Nobody Wins With “One and Done”

SLAM’s EIC breaks down the problems with the controversial rule.

by Ben Osborne / bosborne17

Photo courtesy of Atiba Jefferson / @atibaphoto

Earlier this week I had a chance to return to my roots in a way when I got to write an opinion piece for the Washington Post’sOn Leadership” section about the ill-conceived “one and done” rule and some of the challenges it creates for both players and coaches. If you want to read the whole thing, the good folks at the Post would like you to do so on their site, but here are my first few paragraphs:

As March Madness culminates with the Final Four in New Orleans this weekend, all eyes will be on Anthony Davis and Michael Kidd-Gilchrist, the two best players on the team favored to win the tournament — the University of Kentucky Wildcats. What’s particularly notable about these two players is that they are both freshmen. They play for a team that has three freshman starters and has been called “a waystation for NBA talent,” and they’re coached by a man who has famously (and controversially) encouraged his most promising young players to turn pro after one season.

However they fare in the end, Kentucky’s dominance in the tournament has prompted the reemergence of many questions about the so-called “one and done” rule, which forces rising basketball stars to play at least one college season before entering the NBA.

Can anyone win a tournament with a bunch of raw talent that has not had time to be shaped and molded into a team? Shouldn’t these young men have to stay in school longer than one year to prepare themselves for life beyond the sport? And what responsibility do coaches have to push for changing a rule that works for neither the players nor themselves?

My answer to the last question: Plenty.



    If the NCAA really cared about kids it would allow to return to school if they turn pro and don’t get drafted at the right spot. And the NCAA wouldn’t have shortened the time to withdraw from the draft to April 11.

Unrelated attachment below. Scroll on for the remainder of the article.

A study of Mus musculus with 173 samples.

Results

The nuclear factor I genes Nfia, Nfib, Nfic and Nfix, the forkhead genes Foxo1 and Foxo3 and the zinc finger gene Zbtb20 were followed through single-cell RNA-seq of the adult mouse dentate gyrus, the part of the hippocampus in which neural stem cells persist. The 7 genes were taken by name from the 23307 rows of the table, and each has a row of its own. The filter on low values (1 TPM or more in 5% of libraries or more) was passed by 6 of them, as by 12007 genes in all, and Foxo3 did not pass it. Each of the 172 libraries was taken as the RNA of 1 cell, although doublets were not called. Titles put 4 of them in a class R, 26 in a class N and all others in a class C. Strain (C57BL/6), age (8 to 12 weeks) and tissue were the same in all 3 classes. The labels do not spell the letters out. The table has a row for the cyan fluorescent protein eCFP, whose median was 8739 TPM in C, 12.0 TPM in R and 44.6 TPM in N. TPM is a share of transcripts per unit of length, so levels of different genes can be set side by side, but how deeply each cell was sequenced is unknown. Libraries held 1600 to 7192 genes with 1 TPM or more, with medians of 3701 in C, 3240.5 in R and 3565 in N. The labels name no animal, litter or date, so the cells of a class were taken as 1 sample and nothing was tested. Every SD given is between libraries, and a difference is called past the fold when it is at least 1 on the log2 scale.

The age limit benefits the NBA the most, and college second. The benefits it provides to some players are outweighed by the risks.

  • LAguneroFan

    @allenp, interesting points…
    If they were to get drafted and then decide to go back to school, that would really mess up nba teams. They can’t get that pick back. People forget that an nba career is temporary while a college education is there for life. It will especially be there for nba players with money to spend and all of the time in the world.

  • http://www.usportshub.com Perdman212

    One certainly can see the benefits of the rule for the NBA and the players union. The uncertainty that is put upon the college players and coaches by the rule is detrimental for both. Perhaps, as you mentioned in the article, a similar system to the that in baseball is a better way to go. This would give the players a choice coming out of high school and allow the coaches and fans to have some continuity with their rosters. The threat of injury would still be there, but no system will be perfect. If they implemented a turn pro or stay 3 years rule, I would think that the D-league would play a bigger part in the NBA, perhaps with minor league developmental teams for each team at some point.

  • Nick

    How about this…
    Each year NBA GM’s vote on 8-10 high schoolers who they grant the choice of leaving for the NBA right after graduating high school. The top talents can go to the league, but they can also choose to go to school. As for college, if you’re not one of the 8-10 kids allowed to go to the NBA, you have to stay 2 years. And, for the kids who stay the 2 years and then are drafted high, the NBA should provide both benefits and incentives by shortening rookie contracts and more money. NBAPA and the NCAA need to start conversations together. NCAA college coaches have the power to ignite these convos.